Port Infrastructure and Shipping Industry – Sagarmala Project, SDC, CEZ, etc.

Major Port Authorities Bill, 2020


From UPSC perspective, the following things are important :

Prelims level: Various ports in India

Mains level: Corporatization of ports

Rajya Sabha has passed the Major Ports Authorities Bill 2020 with 88 votes for and 44 against it. The Bill was passed in Lok Sabha in September last year.

Major Ports Authorities Bill 2020: Major: Highlights

  • The Bill provides for the regulation of major ports and will replace the Major Port Trusts Act of 1963, and a board of Major Port Authority for each major port will replace the current port trusts.
  • The Bill will apply to the major ports of Chennai, Cochin, Jawaharlal Nehru Port, Kandla, Kolkata, Mumbai, New Mangalore, Mormugao, Paradip, VO Chidambaranar and Vishakhapatnam.

Boards to replace trusts

  • Under the 1963 Act, all major ports are managed by the respective Board of Port Trusts that have members appointed by the central government.
  • The Bill provides for the creation of a Board of Major Port Authority for each major port.
  • These Boards will replace the existing Port Trusts.
  • It will have a member each from the state governments, the Railways Ministry, the defence ministry, and the customs department.
  • The Bill allows the Board to use its property, assets and funds as deemed fit for the development of the major port.

Board has financial powers

  • Under the 1963 Act, the Board had to seek the prior sanction of the Centre to raise any loan.
  • Under the new Bill, to meet its capital and working expenditure requirements, the Board may raise loans from any scheduled bank or financial institution within India, or any financial institution outside India.
  • However, for loans above 50% of its capital reserves, the Board will require prior sanction of the central government.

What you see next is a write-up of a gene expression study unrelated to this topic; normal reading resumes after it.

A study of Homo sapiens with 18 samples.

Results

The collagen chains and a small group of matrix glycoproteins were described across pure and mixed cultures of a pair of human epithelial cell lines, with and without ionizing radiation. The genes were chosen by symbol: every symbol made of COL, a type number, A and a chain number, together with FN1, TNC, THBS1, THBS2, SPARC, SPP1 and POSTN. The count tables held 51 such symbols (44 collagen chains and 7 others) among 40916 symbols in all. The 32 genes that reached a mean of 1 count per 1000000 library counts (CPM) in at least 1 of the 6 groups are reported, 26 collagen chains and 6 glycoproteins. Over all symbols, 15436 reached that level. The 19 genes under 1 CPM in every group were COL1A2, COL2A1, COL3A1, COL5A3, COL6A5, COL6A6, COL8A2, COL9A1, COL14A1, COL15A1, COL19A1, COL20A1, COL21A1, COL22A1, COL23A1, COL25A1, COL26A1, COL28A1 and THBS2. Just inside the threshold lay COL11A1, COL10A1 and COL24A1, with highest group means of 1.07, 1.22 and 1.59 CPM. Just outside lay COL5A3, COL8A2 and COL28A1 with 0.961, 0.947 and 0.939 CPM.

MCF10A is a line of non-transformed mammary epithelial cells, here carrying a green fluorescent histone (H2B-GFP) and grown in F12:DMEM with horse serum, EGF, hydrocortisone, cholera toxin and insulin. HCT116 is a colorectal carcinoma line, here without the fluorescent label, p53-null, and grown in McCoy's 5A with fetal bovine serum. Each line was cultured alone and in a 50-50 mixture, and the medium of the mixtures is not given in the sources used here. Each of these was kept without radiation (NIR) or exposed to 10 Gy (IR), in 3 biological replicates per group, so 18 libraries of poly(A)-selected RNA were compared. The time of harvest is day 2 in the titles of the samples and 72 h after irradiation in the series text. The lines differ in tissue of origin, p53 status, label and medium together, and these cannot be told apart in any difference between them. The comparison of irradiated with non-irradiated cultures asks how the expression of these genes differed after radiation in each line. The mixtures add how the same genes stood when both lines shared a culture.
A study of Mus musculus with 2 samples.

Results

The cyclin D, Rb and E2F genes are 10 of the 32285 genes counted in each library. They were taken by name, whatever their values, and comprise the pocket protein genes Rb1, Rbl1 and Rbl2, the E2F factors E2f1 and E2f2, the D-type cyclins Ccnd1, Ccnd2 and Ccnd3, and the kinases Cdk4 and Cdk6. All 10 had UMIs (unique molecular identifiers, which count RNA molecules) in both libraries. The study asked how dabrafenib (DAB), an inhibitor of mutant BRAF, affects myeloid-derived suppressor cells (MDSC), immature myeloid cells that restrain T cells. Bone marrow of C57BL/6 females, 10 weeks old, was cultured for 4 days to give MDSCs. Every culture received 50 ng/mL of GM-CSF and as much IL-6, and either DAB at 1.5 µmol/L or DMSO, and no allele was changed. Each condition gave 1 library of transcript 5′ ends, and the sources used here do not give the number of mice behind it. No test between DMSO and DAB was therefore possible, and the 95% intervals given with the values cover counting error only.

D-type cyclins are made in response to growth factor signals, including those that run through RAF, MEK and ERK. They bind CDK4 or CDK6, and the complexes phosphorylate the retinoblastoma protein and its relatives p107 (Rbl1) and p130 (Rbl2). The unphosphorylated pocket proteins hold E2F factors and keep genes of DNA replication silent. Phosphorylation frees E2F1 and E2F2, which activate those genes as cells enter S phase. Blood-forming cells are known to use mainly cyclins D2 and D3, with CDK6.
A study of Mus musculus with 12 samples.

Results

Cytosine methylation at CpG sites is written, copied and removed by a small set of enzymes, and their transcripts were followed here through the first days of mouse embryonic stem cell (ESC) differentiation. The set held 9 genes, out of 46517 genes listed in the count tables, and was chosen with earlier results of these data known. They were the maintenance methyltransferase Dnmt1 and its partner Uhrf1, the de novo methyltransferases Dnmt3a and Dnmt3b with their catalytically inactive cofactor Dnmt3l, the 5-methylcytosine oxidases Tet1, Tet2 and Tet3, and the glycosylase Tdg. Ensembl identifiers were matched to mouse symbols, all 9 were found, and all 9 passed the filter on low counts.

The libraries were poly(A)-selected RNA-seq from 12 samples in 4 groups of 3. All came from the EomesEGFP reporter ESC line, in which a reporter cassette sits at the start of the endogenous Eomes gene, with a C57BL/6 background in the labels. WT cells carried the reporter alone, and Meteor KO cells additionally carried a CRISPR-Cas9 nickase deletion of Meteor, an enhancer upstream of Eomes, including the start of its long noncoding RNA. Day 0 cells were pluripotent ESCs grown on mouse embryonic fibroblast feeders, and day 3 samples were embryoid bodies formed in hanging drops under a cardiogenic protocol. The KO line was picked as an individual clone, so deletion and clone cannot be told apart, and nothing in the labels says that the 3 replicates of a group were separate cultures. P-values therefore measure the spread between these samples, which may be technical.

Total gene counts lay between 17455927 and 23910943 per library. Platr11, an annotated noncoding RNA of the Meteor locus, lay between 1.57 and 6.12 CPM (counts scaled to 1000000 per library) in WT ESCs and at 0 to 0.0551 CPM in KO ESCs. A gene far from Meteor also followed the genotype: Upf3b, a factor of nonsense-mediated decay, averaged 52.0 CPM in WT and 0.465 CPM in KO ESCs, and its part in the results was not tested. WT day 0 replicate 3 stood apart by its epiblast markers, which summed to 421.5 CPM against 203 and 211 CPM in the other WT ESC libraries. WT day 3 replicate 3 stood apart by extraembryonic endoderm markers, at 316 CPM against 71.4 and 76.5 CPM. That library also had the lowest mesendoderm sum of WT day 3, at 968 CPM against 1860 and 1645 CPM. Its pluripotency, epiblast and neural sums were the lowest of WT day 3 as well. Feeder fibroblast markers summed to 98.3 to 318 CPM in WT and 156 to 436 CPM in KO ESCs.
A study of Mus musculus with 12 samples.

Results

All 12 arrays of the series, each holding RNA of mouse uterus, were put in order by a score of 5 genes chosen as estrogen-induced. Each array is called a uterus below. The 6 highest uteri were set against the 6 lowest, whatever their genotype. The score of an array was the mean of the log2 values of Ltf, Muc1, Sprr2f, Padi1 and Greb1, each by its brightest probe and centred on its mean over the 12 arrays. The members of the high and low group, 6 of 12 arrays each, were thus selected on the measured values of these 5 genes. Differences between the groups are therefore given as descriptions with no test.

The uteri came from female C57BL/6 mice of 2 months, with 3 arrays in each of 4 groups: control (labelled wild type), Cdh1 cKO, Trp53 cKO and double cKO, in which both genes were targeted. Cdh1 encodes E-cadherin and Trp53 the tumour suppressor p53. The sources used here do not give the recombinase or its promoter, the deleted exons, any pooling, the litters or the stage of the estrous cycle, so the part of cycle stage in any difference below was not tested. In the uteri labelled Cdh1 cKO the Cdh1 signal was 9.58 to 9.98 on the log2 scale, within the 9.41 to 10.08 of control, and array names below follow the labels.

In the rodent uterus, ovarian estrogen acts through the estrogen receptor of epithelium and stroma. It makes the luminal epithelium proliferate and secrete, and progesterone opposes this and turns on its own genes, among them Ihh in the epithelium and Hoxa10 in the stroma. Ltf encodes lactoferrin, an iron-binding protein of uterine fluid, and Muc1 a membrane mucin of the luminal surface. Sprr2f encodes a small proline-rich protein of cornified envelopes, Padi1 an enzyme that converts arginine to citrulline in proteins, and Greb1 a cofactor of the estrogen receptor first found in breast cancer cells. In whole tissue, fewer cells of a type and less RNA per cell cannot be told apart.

The board will fix rates

  • At present, the Tariff Authority for Major Ports fixes the scale of rates for assets and services available at ports.
  • Under the bill, which now awaits President’s accent to become a law, the Board or committees appointed by the Board will determine these rates for services that will be performed at ports.
  • The services would include the access to and usage of the port assets, and different classes of goods and vessels, among others.


  • Under the 1963 Act, there are various penalties for contravening provisions of the Act.
  • The penalty for setting up any structures on the harbours without permission, for example, may extend up to Rs 10,000, and the penalty for evading rates may extend up to 10 times the rates.
  • Under the new Bill, any person contravening any provision of the Bill or any rules or regulations will be punished with a fine of up to Rs one lakh.

Opposition criticism

  • Opposition parties had opposed the legislation terming it the move to privatize ports.
  • They said that this Bill is nothing but a retraction of the Singapore model.
  • When there were hue and cry that there cannot be the privatization of ports, it adopted a policy of so-called corporatization. Thereafter, it ultimately privatized its ports.
  • So, corporatization is the first step. The next in the offing is privatization said the opposition.

What did the govt. say?

  • The government has brought in a provision that will allow ports to take their own decisions. To change tariffs, the ports have to now approach the ministry.
  • The port sector in the last six years has doubled the profit. Profit has increased, liabilities have come down. For modernization, 300 projects are ongoing.
  • This Bill is not to privatize any port, but it is to ensure that our ports can properly compete with private ports.